One of the key elements of coaching basketball is training your players on basic fundamental skills. This drill will help teach your players to handle the ball at high speeds and in game situations.
Purpose of the Dribble Cones Drill
Successful dribbling enables your players to travel across the court and evade opposing players effectively. By incorporating this drill in your basketball practice plan, you’re helping your kids become more of an offensive threat.
How the Basketball Drill Works
Prior to practice, set up five cones on the basketball court: one at the opposite baseline, one halfway between half-court and that baseline, one at half-court, one halfway between half-court and the baseline closest to you, and one at the baseline closest to you. This basketball coaching drill has two parts: crossover dribbling and retreat dribbling.
Have your players begin at the baseline cone and dribble at full speed with their dominant hands. After your players pass the second cone, instruct your team to make a crossover dribble and switch the ball to their weak hands. They should continue dribbling with their weak hands until they pass the next cone. Here, they should again make a crossover dribble and switch again to their strong hands. Once your players reach the opposite baseline, they should repeat the drill until they return to their original starting point.
Another way to lead this basketball drill is the retreat dribble and crossover. Instruct your team to dribble to the first cone and then execute a retreat dribble. They should make at least three retreat dribbles backwards. Next, the players are to perform a crossover dribble and resume dribbling to the next cone to repeat the process.
When you lead this drill during your basketball practice, tell your players to keep the following in mind:
*For the crossover dribble drill, try to get past ten cones in thirty seconds.
*For the retreat dribble and crossover version, try to get past six cones in thirty seconds.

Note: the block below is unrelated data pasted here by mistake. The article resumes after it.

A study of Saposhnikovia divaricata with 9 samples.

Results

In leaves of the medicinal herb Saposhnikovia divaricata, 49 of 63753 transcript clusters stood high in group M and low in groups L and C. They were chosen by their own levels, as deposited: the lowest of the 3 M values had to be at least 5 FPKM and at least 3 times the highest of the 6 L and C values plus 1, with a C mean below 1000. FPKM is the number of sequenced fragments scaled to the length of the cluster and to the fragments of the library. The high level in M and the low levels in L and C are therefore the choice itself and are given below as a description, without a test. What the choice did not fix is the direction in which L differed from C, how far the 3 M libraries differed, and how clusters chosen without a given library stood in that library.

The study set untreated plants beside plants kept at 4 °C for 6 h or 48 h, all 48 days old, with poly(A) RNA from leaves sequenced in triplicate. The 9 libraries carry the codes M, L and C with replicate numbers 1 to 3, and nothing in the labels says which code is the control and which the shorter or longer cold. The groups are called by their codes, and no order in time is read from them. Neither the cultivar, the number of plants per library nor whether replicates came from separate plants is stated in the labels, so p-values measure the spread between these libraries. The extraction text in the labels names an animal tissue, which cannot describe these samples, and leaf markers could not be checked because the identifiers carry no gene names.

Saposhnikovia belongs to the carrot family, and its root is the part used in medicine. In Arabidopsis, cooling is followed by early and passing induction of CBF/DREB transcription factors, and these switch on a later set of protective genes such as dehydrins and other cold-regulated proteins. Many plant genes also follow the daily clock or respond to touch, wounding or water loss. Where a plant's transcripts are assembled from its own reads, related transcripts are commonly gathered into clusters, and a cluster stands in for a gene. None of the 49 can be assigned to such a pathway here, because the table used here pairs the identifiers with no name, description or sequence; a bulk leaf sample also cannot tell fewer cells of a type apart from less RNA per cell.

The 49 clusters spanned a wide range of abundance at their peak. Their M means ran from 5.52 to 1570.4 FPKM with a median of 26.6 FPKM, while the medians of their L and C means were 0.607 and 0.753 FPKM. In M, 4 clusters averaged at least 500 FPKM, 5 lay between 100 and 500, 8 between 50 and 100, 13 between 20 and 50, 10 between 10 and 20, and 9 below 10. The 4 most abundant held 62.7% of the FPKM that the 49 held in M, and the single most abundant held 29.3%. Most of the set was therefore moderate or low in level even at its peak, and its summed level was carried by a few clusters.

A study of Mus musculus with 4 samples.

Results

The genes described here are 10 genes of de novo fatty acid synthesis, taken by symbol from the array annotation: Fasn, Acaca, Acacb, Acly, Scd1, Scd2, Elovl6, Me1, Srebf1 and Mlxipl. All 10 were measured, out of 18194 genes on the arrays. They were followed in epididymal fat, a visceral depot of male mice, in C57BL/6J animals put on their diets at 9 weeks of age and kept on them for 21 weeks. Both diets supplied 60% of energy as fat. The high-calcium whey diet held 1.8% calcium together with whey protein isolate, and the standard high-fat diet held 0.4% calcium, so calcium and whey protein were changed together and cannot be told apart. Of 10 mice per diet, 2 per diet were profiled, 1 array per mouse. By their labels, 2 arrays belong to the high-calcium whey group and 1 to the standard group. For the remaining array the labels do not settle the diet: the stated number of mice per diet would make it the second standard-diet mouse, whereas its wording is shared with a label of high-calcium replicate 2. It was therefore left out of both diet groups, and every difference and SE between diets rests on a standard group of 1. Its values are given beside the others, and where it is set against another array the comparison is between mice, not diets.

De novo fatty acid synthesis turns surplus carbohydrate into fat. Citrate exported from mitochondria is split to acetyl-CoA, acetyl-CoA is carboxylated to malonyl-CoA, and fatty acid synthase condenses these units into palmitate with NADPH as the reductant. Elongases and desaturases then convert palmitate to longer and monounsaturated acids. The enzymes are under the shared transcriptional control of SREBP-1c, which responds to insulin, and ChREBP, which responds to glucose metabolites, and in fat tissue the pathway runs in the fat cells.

*For the behind-the-back dribble variation (see below), try to get past eight cones in thirty seconds.
*Always dribble with confidence and speed.
Variations of this Beginner Basketball Drill
If your players are interested in an advanced version of this drill for basketball, instruct them to try the following:
*The behind-the-back dribble version of this drill is executed the same as the crossover dribble version; however, after the players pass each cone, instruct them to make a behind-the-back, full-speed dribble. This is sure to be challenging for beginning players, so you may want to wait until a few practices into the pre-season before you try this modification.
Basketball drills such as this one are necessary for you to be successful at basketball coaching. By helping your players become more comfortable with dribbling, you will help them to be quicker and more dangerous on the court.
And for a free youth basketball coaching video, including brand new drills for your team, visit this page now:
Inside, you’ll discover a simple, step by step formula for creating a fun, EXCITING practice your players will love! Get detailed instructions to run the “55 Second Garden Glove Drill”… the “Blind Man Layup” drill and much more.
Coach Pat Anderson is a basketball coaching writer and the publisher of online-basketball-drills.com, the web’s #1 resource for free basketball drills, plays and coaching tips.